April 10, 2012 — Cancer — it’s one of those words no one wants to hear and one of those subjects nobody wants to talk about. Right now that six-letter word dominates my life.
A family member battles the dreaded disease and probably will be OK, but an old friend probably will lose his fight with it soon.
Sitting around the dinner table these days we’re talking about chemotherapy, hair loss, infections, dealing with dietary issues and appetite loss.
They’re just matter of fact conversations about what lies ahead and how we deal with the future — not some dark and dreary laments. The future for my family member looks bright, and a full recovery is expected.
April 10, 2012 —My heart is aching as I write this because I have been remembering the many suffering people I’ve known personally or through others who have ended their own lives.
Whatever the reason, it is always devastating.
A friend of mine has decided to participate in the Out of the Darkness Overnight walk to help raise money for suicide awareness and prevention.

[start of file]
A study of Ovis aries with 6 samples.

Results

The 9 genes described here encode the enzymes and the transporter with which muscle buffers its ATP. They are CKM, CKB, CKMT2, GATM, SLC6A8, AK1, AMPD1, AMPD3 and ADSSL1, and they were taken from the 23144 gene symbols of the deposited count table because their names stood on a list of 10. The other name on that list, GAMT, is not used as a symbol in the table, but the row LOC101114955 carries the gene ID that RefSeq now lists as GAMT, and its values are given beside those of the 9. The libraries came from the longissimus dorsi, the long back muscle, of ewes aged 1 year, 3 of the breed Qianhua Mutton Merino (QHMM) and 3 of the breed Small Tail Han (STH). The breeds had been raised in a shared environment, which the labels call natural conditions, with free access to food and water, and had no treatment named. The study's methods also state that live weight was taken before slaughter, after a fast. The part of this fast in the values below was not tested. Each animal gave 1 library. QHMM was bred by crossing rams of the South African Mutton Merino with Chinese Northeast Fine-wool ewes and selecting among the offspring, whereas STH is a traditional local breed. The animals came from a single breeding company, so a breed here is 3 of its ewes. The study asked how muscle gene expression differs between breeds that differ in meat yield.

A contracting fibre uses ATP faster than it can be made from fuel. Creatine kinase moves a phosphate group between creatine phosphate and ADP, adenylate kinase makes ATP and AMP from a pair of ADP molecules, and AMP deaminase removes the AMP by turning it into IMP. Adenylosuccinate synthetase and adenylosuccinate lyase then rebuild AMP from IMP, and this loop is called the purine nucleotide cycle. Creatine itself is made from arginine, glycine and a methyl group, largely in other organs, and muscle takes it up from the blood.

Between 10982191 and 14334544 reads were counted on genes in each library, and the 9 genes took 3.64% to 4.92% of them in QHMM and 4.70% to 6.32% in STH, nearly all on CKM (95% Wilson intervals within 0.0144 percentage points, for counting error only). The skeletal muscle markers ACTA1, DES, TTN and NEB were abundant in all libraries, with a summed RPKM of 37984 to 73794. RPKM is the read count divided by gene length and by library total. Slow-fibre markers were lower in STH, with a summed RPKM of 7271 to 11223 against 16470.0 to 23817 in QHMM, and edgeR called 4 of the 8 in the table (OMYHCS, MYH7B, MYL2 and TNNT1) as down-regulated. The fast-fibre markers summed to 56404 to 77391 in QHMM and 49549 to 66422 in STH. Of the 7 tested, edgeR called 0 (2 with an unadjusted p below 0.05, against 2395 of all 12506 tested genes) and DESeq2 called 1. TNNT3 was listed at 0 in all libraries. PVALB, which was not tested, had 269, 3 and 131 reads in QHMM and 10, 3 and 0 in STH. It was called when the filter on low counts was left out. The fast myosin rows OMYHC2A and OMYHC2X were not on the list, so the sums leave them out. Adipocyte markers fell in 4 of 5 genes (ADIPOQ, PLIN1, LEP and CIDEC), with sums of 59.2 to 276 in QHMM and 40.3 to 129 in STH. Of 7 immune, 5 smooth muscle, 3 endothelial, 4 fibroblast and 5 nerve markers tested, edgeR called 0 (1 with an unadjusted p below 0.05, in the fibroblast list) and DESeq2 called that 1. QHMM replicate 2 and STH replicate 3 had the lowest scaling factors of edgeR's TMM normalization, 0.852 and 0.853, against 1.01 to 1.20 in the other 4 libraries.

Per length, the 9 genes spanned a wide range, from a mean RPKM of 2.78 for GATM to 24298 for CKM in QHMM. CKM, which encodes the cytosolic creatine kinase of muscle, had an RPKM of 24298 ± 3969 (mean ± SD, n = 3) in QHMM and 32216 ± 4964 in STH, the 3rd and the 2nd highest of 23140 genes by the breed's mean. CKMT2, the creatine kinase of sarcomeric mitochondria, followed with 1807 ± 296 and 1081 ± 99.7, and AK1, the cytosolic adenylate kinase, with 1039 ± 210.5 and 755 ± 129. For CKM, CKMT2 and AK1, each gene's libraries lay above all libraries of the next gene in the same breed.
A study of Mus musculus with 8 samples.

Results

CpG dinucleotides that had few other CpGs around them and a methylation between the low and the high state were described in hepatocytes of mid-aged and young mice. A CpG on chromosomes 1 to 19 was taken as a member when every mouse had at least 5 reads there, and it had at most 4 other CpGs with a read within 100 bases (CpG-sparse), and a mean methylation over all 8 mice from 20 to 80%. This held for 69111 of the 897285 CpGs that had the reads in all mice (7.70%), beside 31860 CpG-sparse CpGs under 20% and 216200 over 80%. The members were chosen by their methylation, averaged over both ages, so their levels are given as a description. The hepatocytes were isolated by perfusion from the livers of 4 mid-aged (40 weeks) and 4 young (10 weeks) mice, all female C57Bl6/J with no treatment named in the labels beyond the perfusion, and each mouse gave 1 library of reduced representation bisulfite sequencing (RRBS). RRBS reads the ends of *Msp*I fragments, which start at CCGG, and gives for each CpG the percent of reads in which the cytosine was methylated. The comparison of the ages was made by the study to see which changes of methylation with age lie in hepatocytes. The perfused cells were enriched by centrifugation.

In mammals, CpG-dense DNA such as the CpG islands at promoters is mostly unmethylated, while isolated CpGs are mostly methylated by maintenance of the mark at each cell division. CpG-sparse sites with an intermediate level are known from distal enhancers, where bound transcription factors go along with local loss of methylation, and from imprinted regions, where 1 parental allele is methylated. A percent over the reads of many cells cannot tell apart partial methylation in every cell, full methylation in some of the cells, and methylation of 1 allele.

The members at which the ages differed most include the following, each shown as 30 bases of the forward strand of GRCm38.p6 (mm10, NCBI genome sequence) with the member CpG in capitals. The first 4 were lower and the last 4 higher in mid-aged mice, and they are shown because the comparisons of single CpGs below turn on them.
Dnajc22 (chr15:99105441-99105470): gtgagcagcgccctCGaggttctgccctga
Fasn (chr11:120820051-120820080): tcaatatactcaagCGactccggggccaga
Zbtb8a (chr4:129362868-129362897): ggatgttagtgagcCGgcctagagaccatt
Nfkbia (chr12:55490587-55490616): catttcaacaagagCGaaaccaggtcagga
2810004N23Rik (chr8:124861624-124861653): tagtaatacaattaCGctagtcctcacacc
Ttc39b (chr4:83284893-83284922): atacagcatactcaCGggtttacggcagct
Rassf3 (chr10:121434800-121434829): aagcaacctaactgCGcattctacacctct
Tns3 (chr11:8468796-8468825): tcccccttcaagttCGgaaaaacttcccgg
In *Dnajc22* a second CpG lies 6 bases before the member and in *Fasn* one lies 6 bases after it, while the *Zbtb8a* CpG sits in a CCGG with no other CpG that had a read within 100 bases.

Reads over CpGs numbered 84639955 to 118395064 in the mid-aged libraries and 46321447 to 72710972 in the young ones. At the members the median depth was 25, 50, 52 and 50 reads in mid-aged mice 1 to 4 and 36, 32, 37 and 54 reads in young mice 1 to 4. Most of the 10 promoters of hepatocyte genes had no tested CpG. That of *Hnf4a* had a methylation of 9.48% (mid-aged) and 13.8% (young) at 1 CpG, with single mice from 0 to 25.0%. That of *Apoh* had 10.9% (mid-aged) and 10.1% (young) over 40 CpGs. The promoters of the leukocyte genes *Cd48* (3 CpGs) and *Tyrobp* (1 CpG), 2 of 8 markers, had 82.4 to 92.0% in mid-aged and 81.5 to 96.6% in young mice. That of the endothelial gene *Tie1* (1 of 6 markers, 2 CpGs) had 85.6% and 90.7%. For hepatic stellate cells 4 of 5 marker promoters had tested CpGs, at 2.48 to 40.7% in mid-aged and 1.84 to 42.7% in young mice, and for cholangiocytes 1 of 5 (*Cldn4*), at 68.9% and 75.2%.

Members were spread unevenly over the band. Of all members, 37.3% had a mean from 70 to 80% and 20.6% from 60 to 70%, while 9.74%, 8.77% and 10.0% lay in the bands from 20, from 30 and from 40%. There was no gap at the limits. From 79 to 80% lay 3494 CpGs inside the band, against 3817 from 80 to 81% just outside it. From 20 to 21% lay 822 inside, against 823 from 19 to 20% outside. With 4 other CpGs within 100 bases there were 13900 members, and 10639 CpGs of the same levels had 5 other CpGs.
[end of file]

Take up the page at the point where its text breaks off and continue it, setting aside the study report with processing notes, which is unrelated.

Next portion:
His father committed suicide five years ago this summer — before ever meeting his first grandson.
That’s OK, you can keep your opinions to yourselves, thank y’all very much.
From your air-conditioned 4x4 hurtling by on Highway 395 or from the deck of your fishing boat rolling gently on the water of one of our lakes, you could never see the giving nature of our community or how we pull together when one of us is in trouble.
Ah, what we could show you if you had a few days — the right few days — to spend with us.
It wasn’t new advice. I’d heard different versions of it over the years.
Restraint of tongue and pen, my mother used to say. Wait 24 hours and don’t do any thing rash, was another one of her maxims.
Just slow down and breathe, friends would tell me when I got stressed out. It’s some of the most valuable, and most difficult to follow, advice I’ve received. And, I generally ignored them all.